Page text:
Crime & Courts

Neighbor: I didn't see man at ethnic killings

A former neighbor of a Kansas man accused of participating in the 1994 Rwandan genocide testified Tuesday that he never saw the man at any of the ethnic killings in the area where they lived.

Jean-Marie Byiringiro took the stand during the third day of testimony in the U.S. immigration trial of Lazare Kobagaya. Byiringiro, who admitted killing a 12-year-old Tutsi boy in exchange for a goat as part of the genocide, said he was at nearly all of the ethnic killings in the area where he and Kobagaya lived.

Kobagaya, 84, is in a federal courtroom in Kansas fighting charges of unlawfully obtaining U.S. citizenship in 2006 with fraud and misuse of an alien registration card. The government, which is seeking to revoke his citizenship, contends he lied to U.S. immigration authorities about his involvement in the genocide. Kobagaya contends he is innocent.

The arsons and killings related to Kobagaya's case allegedly occurred in a rural community known as Birambo, where Kobagaya and his family lived at the time, as well as at Mount Nyakizu, where thousands of Tutsis had sought refuge.

The government contends Kobagaya was a wealthy and influential leader who incited the arsons and killings in his community, along with Francois Bazaramba, a former Rwandan pastor who was sentenced last year to life imprisonment by a Finnish court for committing genocide against the Tutsi minority in 1994.

Most of Byiringiro's testimony implicated Bazaramba, not Kobagaya. In fact, Byiringiro, who served seven years in prison for his role in the genocide, told jurors that Kobagaya, a Hutu born in neighboring Burundi, did not have any power in the community because he was a refugee in Rwanda.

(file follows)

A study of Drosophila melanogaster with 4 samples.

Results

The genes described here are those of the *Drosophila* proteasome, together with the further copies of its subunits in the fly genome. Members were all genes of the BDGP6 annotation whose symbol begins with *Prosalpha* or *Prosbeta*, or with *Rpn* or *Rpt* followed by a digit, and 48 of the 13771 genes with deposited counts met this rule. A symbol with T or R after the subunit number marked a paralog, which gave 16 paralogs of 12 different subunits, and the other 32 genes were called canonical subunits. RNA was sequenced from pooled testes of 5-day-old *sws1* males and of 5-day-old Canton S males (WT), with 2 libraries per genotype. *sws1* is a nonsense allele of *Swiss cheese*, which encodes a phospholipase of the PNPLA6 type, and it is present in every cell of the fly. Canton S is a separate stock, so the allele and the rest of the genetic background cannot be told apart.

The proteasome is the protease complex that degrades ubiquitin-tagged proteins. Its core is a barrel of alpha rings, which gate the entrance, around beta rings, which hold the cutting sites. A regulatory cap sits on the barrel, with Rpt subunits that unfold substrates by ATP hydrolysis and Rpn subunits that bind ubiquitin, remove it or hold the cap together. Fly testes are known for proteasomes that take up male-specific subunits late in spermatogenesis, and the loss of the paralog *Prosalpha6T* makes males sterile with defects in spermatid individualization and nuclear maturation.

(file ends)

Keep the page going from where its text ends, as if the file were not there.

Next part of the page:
An estimated 500,000 to 800,000 people were killed in Rwanda between April and July 1994. Most belonged to an ethnic group known as the Tutsi, while most of the killings were carried out by members of an ethnic group known as the Hutu.

When a mob gathered at Bazaramba's house before the homes of Tutsis were set on fire on April 15, 1994, Byiringiro said, Kobagaya came out of his house only because people were in front of it. It was Bazaramba who spoke to the crowd, Byiringiro said. During the speech, Bazaramba called on Kobagaya to explain to the crowd that the Tutsis were bad people.

Byiringiro said through a translator that Kobagaya did tell people that "we did not know the badness of the Tutsis" and that if they didn't kill them, the Tutsis would kill the Hutus. However, Byiringiro told the jury he did not see Kobagaya join the rest of the crowd of more than 100 people in the arsons.

His testimony came a day after another neighbor, Valens Murindangabo, testified that Kobagaya told the mob to burn down the houses of Tutsis so they would not return and ordered the killings of others.

On Tuesday, defense attorney Kurt Kerns questioned Murindangabo, a former teacher who has served more than 10 years in prison for his role in the genocide, about an eight-page government form he had filled out as part of his own confession. The form asked him to list all witnesses and accomplices, but it did not have Kobagaya's name.

Murindangabo insisted an attachment had been lost that listed Kobagaya as participating in the genocide.

The defense also hammered on the money he was receiving for his testimony — $96 a day while he's in the United States and $274 when he was in Rwanda for meeting with investigators. The defense team noted that is a lot of money in Rwanda, where the per capita annual income is $490 a year.